Bee Roots for 2022-07-22

The table provides clues for the roots of words in today's NY Times Spelling Bee. You're responsible for prefixes, suffixes, tense changes, plurals, doubling consonants before suffixes, and alternate spellings of roots. An exception: since Sam won't allow S, when the root contains an S, the clue may be for a plural or suffixed form. "Mice" for example. If a clue isn't self-explanatory, try googling it. The TL;DR about the site comes after the table.

Past clues are available here

Today's puzzle
  • Letters: C/EGILNT
  • Words: 39
  • Points: 284
  • Pangrams: 5
Source: The Guardian

Table content

  • with first two letters of answer and length
root #answers coveredanswer's first two lettersanswer's lengthclue for root (answer may need prefix, suffix, tense change, alt spelling, ...)
21CE4Prison “room,” or smallest unit of an organism
41CE41/100th of a dollar
31CE5Yo-Yo Ma’s instrument (also Pablo Casals')
11CE7The top of a room
51CI4Quote as evidence
51CI6Quote as evidence
71CL5Stick to tightly (static …), as Saran Wrap or a needy toddler
81CL6Medical facility (health …)
71CL8Stick to tightly (static …), as Saran Wrap or a needy toddler
91EC8Wide-ranging tastes, styles, or ideas; adj.
101EL5Vote into office
111EL6Draw out a response, verb
101EL7Vote into office
101EL8Vote into office
111EL9Draw out a response, verb
121EN6Tempt or lure by offering pleasure or advantage
121EN8Tempt or lure by offering pleasure or advantage
131GE7Relating to heredity
141IC5Frozen water
151IC6Frozen water spear formed from drips
221IL7Not forbidden by law or custom
161IN6Provoke unlawful behavior (… a riot)
171IN7Tend toward or feel favorably disposed toward, verb; or slope, noun
161IN8Provoke unlawful behavior (… a riot)
171IN9Tend toward or feel favorably disposed toward, verb; or slope, noun
181IN9Brains, faculty of reasoning & understanding objectively; or a smart person
191IN12Smart, having strong mental ability
201LE8Merciful, not strict (as a judge or parent, e.g.)
211LI4Itchy hair parasites
221LI5Not forbidden by law or custom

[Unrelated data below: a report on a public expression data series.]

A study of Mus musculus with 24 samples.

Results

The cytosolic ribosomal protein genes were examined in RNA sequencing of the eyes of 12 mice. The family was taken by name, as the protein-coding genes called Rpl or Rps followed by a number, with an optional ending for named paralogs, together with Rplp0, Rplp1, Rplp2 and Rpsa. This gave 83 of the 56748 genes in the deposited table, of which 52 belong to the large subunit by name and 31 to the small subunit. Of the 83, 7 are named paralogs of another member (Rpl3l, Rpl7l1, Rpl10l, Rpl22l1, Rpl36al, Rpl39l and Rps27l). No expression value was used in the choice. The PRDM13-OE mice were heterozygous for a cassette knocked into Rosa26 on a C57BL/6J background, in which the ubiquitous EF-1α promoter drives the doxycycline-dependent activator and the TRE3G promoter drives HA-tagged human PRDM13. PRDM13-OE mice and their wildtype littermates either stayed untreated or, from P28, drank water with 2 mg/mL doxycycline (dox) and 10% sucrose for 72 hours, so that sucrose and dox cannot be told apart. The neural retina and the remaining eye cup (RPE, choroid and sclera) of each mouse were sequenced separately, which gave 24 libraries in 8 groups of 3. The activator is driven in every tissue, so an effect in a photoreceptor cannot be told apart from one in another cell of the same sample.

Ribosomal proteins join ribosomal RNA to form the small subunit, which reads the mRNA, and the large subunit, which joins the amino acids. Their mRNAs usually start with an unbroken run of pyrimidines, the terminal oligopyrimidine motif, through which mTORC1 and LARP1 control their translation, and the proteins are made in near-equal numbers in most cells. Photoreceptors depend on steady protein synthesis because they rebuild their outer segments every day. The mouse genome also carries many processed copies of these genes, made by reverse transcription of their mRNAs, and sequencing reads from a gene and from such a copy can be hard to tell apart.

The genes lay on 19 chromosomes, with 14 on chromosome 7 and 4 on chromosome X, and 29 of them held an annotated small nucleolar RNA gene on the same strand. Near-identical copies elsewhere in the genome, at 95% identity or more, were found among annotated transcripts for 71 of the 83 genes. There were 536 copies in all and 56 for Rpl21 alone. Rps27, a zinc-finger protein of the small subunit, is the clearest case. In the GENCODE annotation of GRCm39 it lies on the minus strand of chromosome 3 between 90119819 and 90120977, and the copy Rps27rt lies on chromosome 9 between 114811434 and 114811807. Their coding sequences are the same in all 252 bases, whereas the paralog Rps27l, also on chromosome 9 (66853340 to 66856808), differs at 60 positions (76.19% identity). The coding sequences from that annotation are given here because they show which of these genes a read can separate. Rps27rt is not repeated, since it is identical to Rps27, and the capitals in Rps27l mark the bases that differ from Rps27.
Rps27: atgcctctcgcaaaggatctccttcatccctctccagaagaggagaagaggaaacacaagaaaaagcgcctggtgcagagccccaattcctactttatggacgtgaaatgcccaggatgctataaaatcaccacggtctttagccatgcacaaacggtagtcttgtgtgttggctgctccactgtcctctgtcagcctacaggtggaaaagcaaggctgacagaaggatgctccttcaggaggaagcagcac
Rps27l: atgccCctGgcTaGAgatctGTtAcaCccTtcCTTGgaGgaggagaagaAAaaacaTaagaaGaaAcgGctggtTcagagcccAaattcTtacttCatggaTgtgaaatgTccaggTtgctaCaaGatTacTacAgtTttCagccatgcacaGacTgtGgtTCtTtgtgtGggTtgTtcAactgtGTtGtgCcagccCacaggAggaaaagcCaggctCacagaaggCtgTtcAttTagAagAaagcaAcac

231NE7Fail to care for someone or something properly, verb/noun
231NE10Fail to care for someone or something properly, verb/noun
241NE10Failing to take proper care in doing something
251NI4Pleasant in manner, or city in SE France
261NI5Your sibling’s daughter
271TE9Having an appearance or manner that is appealing on television
281TI5Archaic for shade of color, seen now only in “–URE of iodine”

About this site

This site provides clues for a day's New York Times Spelling Bee puzzle. It exists to make it easier for Kevin Davis to take a day off. Most of the clues come from him. There may be some startup problems, but long term I think I can put the clues together with no more than half an hour's work.

The "Bee Roots" approach is to provide explicit clues for root words, not every word. This is similar to what Kevin Davis does, but without information about parts of speech As logophiles, we are pretty good at putting on prefixes and suffixes, changing tense, and forming plurals (including Latin plurals!). The clues cover root words, arranged alphabetically by root word, with a count of words in the puzzle that come from each root. For example, if a puzzle includes ROAM and ROAMING, there will be a clue for ROAM and a count of 2. The root may not appear in the puzzle at all; for example, the 2021-07-23 Bee included ICED, DEICE, and DEICED. For such a puzzle, the clue would be for ICE with a word count of 3.

The Bee Roots approach involves judgement sometimes. For example, if a puzzle includes LOVE, LOVED, and LOVELY, how many roots are needed to cover them? LOVE and LOVED share the root LOVE, certainly, but LOVELY is tricky. LOVE is part of its etymology, but by now, the word means "exquisitely beautiful," which is a lot farther from the meaning of LOVE than swithcing to past tense. I'm inclined to treat LOVE and LOVELY as separate roots. You may not agree, which is fine. Another thing we logophiles share is a LOVE of arguing about words on Twitter.

One last complication, until another one pops up: a few roots have multiple spellings, for example LOLLYGAG and LALLYGAG. Depending on the day's letters, and maybe even the editor's whims, one or both could be in the puzzle's answer list. With such roots, you could see a word count of 2, even if there are no applicable prefixes or suffixes.

I will do my best to keep this site up to date and helpful (I hope). Check it out, and tweet feedback to @donswartwout Tweet to @donswartwout

Many thanks to Kevin Davis, whose 4,500-word clue list made this possible.